The small town of Centerville became the southernmost city to join the initiative when it voted unanimously to outlaw abortion in city limits yesterday.
According to Centerville Mayor Noal Goolsby, the city’s legal counsel told him to avoid the proposal.
“I had our secretary check with our attorney in Waco, and he advised us not to take any action,” Goolsby said.
“But I want to go from my heart and what I have been praying about this.”
Although the initiative has stuck to the same basic principle — enforcing a ban through civil suits — it has evolved significantly since the first version in Waskom.
Originally, it held violators liable to the living kin of the aborted child, letting the family sue those who aided or abetted abortions. Lubbock’s landmark ordinance lets unrelated citizens sue, though for different relief.
By the time it reached Sterling City, the 29th “sanctuary” in Texas, the ordinance had broadened to allow any citizen to sue any violator. It also explicitly applies to chemical abortions, often called remote abortions.
All versions have carved out exceptions to save the mother from death or “substantial impairment of a major bodily function.” The ordinance also bars fathers from participating in suits if they impregnated the mother through an act of rape, sexual assault, or incest. The mother of the unborn child cannot be sued.
Aside from citizen lawsuits, called “private enforcement” in the text, the ordinance allows the Centerville city government to enforce it as well. However, to dodge various court decisions, the city can only enforce the ordinance after reaching certain strict thresholds.
The Supreme Court decision in Planned Parenthood v. Casey first applied the “undue burden” standard to abortion law, ruling that governments cannot substantially impede women seeking abortions. To comply with this ruling, the ordinance forbids government employees from participating in “private enforcement” lawsuits. It also specifies that Centerville cannot punish a violator unless a state or federal court decides that the punishment will not impose an undue burden on women seeking abortions.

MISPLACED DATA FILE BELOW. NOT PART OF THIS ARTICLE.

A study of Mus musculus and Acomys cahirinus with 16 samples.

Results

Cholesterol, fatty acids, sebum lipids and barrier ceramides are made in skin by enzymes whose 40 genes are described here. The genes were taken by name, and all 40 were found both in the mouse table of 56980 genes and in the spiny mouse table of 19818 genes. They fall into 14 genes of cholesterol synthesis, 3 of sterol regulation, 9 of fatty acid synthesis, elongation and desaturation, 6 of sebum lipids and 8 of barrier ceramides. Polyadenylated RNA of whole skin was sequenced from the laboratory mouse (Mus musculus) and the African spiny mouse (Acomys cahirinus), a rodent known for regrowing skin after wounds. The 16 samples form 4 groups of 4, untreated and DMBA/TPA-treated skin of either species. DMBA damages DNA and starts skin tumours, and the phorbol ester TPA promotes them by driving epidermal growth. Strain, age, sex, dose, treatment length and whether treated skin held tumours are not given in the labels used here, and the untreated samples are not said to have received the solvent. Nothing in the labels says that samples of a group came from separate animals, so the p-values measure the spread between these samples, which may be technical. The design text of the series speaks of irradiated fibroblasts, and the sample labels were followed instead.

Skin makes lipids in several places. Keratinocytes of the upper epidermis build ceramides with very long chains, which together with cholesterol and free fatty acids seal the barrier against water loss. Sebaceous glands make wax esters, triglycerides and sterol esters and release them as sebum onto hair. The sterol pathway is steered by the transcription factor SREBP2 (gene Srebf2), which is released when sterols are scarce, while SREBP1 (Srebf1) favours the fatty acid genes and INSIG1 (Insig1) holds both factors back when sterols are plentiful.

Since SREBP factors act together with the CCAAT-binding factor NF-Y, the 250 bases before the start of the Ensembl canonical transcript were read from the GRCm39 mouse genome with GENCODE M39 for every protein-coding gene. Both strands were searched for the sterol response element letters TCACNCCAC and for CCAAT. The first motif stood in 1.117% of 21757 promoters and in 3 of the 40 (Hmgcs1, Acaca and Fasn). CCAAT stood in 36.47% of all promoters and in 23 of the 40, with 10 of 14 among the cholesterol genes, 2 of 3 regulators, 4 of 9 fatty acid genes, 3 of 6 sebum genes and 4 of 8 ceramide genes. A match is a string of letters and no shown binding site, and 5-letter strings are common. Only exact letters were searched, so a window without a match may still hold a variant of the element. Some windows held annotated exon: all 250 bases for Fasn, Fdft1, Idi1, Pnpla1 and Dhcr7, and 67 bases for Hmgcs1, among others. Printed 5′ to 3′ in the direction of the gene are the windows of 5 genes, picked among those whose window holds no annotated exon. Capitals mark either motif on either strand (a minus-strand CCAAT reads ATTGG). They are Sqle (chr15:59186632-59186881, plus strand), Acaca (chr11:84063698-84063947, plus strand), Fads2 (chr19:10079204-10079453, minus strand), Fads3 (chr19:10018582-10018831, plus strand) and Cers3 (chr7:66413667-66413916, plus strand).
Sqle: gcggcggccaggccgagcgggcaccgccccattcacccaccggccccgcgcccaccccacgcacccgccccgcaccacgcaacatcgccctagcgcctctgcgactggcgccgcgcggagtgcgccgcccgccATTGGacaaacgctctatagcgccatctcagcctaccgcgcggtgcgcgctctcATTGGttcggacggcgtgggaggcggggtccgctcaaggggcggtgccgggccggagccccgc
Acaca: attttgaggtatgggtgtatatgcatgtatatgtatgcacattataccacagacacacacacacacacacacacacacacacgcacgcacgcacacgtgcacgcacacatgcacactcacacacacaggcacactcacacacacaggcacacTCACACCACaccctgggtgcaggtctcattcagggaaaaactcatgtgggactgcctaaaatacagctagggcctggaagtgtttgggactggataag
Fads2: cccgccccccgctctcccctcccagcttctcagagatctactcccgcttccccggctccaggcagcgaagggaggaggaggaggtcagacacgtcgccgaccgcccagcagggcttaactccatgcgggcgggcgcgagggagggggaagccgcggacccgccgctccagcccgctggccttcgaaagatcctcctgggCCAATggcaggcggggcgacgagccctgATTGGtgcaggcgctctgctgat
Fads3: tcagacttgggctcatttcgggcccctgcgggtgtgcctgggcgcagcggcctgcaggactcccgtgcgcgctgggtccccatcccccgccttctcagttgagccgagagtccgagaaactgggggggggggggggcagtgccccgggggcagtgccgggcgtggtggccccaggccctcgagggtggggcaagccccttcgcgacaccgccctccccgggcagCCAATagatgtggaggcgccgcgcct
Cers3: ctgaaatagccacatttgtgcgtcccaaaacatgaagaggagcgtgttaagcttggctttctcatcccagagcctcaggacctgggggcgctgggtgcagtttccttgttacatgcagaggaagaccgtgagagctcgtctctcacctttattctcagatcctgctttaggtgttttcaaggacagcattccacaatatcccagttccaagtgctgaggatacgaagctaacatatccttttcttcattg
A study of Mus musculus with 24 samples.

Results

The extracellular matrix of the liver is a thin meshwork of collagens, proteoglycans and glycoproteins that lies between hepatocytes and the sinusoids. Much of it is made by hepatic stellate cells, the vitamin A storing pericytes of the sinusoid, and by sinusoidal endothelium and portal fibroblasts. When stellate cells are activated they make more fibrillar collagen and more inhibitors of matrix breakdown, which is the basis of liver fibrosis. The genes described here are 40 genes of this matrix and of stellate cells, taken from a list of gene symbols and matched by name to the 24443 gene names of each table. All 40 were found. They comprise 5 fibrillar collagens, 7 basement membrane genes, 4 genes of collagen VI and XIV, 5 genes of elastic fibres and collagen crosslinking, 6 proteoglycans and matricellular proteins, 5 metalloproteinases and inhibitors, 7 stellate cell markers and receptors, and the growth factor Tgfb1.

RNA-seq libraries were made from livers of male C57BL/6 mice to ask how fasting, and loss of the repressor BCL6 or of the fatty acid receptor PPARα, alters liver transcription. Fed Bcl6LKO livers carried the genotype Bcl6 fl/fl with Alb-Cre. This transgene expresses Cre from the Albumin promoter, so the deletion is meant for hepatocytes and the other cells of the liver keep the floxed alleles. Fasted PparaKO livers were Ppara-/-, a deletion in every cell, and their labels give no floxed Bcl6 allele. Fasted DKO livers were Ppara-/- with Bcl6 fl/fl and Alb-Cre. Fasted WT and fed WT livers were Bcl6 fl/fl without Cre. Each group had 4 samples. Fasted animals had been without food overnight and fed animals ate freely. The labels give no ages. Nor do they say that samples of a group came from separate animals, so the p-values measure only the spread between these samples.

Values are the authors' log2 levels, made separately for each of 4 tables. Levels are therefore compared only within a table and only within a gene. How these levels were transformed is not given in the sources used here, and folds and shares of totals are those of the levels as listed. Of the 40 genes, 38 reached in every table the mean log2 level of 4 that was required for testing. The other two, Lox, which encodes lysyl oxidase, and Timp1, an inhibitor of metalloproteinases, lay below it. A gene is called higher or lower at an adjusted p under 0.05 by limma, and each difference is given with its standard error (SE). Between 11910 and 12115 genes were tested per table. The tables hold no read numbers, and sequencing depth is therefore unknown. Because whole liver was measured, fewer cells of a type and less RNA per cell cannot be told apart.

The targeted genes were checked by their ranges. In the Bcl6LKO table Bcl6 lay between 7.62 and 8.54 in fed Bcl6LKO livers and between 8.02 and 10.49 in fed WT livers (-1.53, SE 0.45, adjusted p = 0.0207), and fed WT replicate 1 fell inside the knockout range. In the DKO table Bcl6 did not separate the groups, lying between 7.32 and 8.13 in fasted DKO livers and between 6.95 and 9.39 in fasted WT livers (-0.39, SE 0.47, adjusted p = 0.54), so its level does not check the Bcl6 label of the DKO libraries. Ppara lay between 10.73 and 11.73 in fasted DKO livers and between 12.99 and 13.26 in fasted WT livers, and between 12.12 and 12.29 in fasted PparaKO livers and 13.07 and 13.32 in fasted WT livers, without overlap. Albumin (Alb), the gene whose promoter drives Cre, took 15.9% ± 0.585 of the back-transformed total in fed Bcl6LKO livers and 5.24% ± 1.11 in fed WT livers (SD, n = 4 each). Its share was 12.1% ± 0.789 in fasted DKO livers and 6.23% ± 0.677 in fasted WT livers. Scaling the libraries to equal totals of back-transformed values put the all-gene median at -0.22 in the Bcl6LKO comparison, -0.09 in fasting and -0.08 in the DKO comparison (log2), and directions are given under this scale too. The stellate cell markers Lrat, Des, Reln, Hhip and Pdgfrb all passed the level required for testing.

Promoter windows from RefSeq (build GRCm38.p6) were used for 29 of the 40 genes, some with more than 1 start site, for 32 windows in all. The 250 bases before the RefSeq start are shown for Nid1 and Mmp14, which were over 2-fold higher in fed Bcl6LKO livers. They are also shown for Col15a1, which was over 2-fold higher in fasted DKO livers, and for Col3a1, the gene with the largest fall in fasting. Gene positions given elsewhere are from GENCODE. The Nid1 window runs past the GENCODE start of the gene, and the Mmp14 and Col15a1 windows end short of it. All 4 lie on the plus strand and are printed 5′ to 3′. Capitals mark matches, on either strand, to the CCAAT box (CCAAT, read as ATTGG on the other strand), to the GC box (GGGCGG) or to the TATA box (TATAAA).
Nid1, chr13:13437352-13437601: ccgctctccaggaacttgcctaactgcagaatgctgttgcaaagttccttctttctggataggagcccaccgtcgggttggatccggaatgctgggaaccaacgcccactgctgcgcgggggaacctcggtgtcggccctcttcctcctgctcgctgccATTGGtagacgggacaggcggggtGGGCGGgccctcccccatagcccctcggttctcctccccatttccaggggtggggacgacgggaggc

In another pair of Supreme Court decisions, the Texas-born Whole Woman’s Health v. Hellerstedt case and June Medical v. Russo, the court allowed abortion facilities to sue on behalf of injuries suffered by their patients rather than the companies themselves. Thus, the Centerville ordinance says that the city cannot punish a violator unless a state or federal court rules that the violator lacks third-party standing to assert the rights of women seeking abortions in court.
Centerville, like all but one “sanctuary” in Texas, does not have an abortion clinic in town. Lubbock was the first city with a Planned Parenthood to adopt the ban. Planned Parenthood unsuccessfully sued the city after the vote.
Disclosure: Unlike almost every other media outlet, The Texan is not beholden to any special interests, does not apply for any type of state or federal funding, and relies exclusively on its readers for financial support. If you’d like to become one of the people we’re financially accountable to, click here to subscribe.